Roy Hamilton - fanning the fire of the African dance
Paul H. Williams, Gleaner Writer
Picture Africa. Think about pulsating drumming - the pace slow, staccato, fast. Visualise scantily clad natives dancing frantically. And then there is Roy Hamilton, 'The Jungle King' - African fire-dancer, this week's keeper of the heritage. Dancing is in his blood. Hamilton said he has been dancing before he was born, being the son of noted Kumina dancer 'Mama Bogle', who he claimed is a descendant of National Hero Paul Bogle.
His father, too, is no stranger to traditional dancing. He was born in Kingston, but was brought up in St Ann by his father who is originally from St Thomas. There, the family tradition continued at dance classes in primary school.
Though his feet were always moving, this 47-year-old graduate of Ocho Rios Secondary School had begun his professional life in catering. He later played tennis on the north coast circuit. His career in dancing started with El Tropicano performing group, led by Nico Blanco, champion limbo dancer, followed by membership in Roseta All-Star Dance Company of Ocho Rios.
For three and a half years, Hamilton was with the Corporate Area's Movements Dance Company, where he honed his technical and performance skills. Simultaneously, he was the artistic director of his own Ocho Rios group, Roots Dance Troupe. He still lives in St Ann, but spends most of his time in Negril where he fire-dances on the beachfronts, at privates parties and hotels, and gives lessons.
Trained and experienced in all aspects of modern dance, Hamilton has participated in national and international competitions, taking top prizes for folk and Latin dance in Cuba in 1988. This teacher, musical arranger, performer and choreographer has designed educational programmes for young people. Many of his protégés have won gold medals at the regional and national levels of the Jamaica Cultural Development Commission's Festival of Arts competitions.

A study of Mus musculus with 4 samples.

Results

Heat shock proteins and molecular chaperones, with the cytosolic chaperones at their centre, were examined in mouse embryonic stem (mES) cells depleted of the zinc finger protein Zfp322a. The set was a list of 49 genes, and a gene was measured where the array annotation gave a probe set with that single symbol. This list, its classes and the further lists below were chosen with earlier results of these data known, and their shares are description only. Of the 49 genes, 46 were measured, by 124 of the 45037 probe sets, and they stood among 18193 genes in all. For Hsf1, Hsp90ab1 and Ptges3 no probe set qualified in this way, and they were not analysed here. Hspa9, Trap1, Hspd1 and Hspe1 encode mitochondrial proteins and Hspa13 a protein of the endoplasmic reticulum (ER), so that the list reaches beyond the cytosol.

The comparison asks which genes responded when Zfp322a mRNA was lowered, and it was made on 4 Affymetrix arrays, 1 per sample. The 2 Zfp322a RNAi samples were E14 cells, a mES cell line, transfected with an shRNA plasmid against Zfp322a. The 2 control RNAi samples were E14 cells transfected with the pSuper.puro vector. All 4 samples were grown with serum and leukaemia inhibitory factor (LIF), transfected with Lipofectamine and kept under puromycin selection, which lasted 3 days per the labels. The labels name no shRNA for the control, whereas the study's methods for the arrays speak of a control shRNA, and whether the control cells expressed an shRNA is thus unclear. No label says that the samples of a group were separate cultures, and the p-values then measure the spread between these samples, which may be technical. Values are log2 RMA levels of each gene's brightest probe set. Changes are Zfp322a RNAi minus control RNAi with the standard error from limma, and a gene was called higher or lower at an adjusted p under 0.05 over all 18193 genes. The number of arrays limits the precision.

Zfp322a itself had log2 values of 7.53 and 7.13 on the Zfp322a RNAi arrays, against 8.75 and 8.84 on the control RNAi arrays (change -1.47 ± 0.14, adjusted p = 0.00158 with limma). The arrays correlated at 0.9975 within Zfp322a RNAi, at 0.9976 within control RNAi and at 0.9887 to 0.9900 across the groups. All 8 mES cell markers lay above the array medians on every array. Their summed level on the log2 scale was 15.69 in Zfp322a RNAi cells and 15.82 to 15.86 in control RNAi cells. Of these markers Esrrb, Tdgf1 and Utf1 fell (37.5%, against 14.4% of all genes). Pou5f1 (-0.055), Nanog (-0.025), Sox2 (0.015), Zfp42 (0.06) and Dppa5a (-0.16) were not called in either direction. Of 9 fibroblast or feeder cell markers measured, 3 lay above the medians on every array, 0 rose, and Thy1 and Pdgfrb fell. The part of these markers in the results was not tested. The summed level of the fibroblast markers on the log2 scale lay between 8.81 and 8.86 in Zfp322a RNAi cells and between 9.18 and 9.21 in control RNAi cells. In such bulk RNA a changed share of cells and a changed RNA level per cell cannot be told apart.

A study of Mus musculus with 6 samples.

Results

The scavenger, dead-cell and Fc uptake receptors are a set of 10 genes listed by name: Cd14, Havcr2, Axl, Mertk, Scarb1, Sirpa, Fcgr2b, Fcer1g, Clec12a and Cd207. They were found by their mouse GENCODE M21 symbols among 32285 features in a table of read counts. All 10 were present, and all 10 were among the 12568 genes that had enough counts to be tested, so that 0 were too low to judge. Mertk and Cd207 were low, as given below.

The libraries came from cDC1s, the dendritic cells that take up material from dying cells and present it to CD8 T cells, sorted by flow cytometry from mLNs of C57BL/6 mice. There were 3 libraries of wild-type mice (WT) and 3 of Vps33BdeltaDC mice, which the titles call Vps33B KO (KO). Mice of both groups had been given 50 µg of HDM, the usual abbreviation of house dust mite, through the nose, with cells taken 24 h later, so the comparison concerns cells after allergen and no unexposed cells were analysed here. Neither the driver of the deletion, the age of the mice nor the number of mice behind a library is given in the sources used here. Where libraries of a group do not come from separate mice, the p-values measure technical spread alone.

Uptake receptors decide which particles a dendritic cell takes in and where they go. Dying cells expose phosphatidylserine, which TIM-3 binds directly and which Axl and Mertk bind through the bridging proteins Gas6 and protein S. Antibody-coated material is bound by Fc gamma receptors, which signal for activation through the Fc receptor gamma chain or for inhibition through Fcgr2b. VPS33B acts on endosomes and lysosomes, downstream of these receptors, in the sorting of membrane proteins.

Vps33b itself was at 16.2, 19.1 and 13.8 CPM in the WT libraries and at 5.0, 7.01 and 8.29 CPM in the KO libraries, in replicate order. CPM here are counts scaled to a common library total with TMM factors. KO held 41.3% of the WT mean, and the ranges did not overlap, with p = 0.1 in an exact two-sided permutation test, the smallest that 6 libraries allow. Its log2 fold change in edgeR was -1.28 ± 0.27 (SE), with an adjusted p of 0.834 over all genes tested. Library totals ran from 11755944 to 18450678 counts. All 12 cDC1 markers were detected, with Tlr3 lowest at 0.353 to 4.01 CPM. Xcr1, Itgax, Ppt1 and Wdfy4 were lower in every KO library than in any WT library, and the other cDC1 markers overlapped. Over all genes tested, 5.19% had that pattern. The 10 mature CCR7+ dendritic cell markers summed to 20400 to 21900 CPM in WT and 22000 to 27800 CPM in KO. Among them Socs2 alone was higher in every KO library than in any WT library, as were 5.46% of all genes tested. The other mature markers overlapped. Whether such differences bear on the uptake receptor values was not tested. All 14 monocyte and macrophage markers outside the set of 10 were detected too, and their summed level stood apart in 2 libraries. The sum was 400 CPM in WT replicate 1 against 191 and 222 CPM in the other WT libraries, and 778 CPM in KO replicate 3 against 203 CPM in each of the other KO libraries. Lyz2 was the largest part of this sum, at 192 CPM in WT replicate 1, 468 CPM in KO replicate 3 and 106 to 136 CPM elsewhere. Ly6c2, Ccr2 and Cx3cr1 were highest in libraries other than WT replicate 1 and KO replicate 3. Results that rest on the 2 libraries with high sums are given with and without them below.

Despite his knowledge of many genres, including jazz, it is fire-dancing that keeps him connected to his African roots. He said his "contemporary choreography and performances are inspired by the ancestral movements and rhythms of the Congo and central Africa". When he fire-dances, he is at once in the villages and bushes of Africa, moving to the beats of native drums.
His foray into fire-dancing started over 20 years ago when he was with Roseta. He was influenced by the artistry of a group member called Rico, a prolific fire-dancer. But while Rico was an inspiration, Hamilton wanted to put his own twists to the movements and spent time rehearsing them.
"When he finish a fire-dance I always take his fire sticks from him, and when I go in the sand, I design my own thing, saying this is what I would do if I am doing fire-dance," he said. Now, the self-proclaimed rebel and 'lion' would like to visit Africa to participate in fire-dances.
Spewing fire and dancing with flaming sticks is not only a source of income, it's a way of embracing this scorching element. Fire-dancing to him is about purity, a way of extinguishing all forms of corruption. And he doesn't worry about the possibility of getting burnt by his own fire. He is very much aware of what he is dealing with, and with a clear head and clean heart, he has no fear.
Hamilton is the father of three and grandfather of five, and his offspring are not left out of the mix. He's teaching them their culture and they are being prepared to carry on the heritage. One daughter was a member of his dance troupe.
"What I didn't cover they will cover. I break them in from early," he said. With his fire-dance, Roy Hamilton is not only appreciating the purifying properties of fire, he's also preserving an aspect of our traditional heritage in dance.